The secret behind the Mitch Lightfoot locker room photo that surfaced following Tuesday’s final day of Kansas basketball boot camp has been revealed.
Yes, Lightfoot, a junior who is preparing for his third Late Night on Friday, has gotten bigger — and at the same time leaner — through months of hard work and dedication in the weight room. Talking with reporters on Wednesday, Lightfoot said he’s up about 15 pounds from his end-of-season playing weight of 209 pounds to his most recent weigh-in of 224 pounds.
And, yes, a good chunk of that added muscle has come in his upper body — chest, neck, biceps, etc.
But are Lightfoot’s guns these days actually as big as they looked in that photo?
“It was just after boot camp and I was kind of gassed so I was hanging on the towel,” a laughing Lightfoot said on Wednesday before stating, “Not really,” when asked if he thought the flex heard around the world would become such a wild phenomenon.
“It was a great boot camp,” Lightfoot continued. “We got a lot accomplished, the team’s come together and I think we’re in a whole lot better shape than we were when we first started.”
Kansas freshman David McCormack, who recently completed his first boot camp — calling it “definitely the hardest thing I’ve gone through” — said he absolutely had noticed his new teammate working his butt off since arriving on campus in June. But he was not about to give Lightfoot a total pass on the posed photo.
“(It’s) a little bit of both,” McCormack laughed. “It was a bit of a flex there, but he definitely has been putting in a lot of work in the weight room. He’s really dedicated to putting on muscle and changing his body.”
KU coach Bill Self, as one might guess, said he had not seen the photo of Lightfoot flexing, with the rest of his ripped teammates celebrating the end of boot camp around him. And Self was a bit confused on Wednesday about why he was fielding so many questions about Lightfoot’s physique.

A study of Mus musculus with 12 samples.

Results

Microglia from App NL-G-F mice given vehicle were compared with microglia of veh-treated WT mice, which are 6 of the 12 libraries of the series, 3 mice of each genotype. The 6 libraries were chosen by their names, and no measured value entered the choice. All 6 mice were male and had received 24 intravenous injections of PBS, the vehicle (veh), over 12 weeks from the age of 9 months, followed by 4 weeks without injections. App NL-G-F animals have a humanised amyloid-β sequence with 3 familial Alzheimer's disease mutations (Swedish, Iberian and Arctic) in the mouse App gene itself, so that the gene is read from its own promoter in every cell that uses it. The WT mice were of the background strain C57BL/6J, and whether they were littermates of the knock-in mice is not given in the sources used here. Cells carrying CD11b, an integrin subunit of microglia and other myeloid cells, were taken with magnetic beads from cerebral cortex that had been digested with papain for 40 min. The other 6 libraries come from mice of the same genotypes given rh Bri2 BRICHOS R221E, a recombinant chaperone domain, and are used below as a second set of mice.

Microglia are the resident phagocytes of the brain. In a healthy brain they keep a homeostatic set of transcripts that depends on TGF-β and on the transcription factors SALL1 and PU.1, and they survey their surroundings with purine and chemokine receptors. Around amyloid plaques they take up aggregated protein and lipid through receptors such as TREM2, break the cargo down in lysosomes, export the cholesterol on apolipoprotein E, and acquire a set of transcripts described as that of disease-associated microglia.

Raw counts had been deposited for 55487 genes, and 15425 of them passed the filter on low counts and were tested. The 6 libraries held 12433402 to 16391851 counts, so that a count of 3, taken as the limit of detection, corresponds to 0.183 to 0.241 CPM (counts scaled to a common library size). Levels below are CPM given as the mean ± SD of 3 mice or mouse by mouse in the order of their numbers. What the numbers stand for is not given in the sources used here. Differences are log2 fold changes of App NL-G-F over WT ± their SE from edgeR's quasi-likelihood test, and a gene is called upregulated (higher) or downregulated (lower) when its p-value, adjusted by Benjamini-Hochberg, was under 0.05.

“They’re all in good shape,” said Self, who, just four weeks ago deemed his team’s conditioning to be “awful.” “Why you asking about Mitch?”
One reporter then explained that Lightfoot had just met with the media and the photo was one of the topics that came up.
“Oh, I didn’t see the picture of him flexing,” said Self, clearly preparing for the jab that was to follow. “And, to be honest with you, I don’t think that that picture will help us win one game, nor will it intimidate any opponents. I can guarantee you that.”
In addition to trying to fit in with the massive bodies around him in KU’s new-look front court, Lightfoot said the motivation behind his personal transformation was born at the end of last season.
“I think, when I realized it was during the tournament last year, when we were playing against all those bigger guys like Seton Hall, with (Angel) Delgado and guys like that,” he explained. “I kind of realized that where I was at that point in time wasn’t going to get me to where I wanted to be.”
“I feel a lot stronger,” Lightfoot said, noting that the body transformation is worth more than his new appearance. “Improving strength in the weight room, on the court, helps me a lot to be bigger and make plays I couldn’t have made otherwise made.”
Lightfoot's new look, along with that of the rest of his 2018-19 Kansas basketball teammates, will be on display on Friday during the 34th annual Late Night in the Phog celebration at Allen Fieldhouse.
For a handful of KU newcomers, Friday will be their first experience with the madness that is Late Night, which, this year, KU officials confirmed on Wednesday, will feature Grammy-winning rap star 2 Chainz as the musical guest.
For Lightfoot, however, the whole Late Night experience will be nothing new. But that does not mean he'll treat it that way.
"You still have to pinch yourself every time you walk by the (Allen Fieldhouse) lawn going to class and the gates are set up and it's just that time of year," he said. "I think everyone's excited for, obviously, the basketball, but we've got 2 Chainz and all that different stuff going on. I think it's going to be a good time."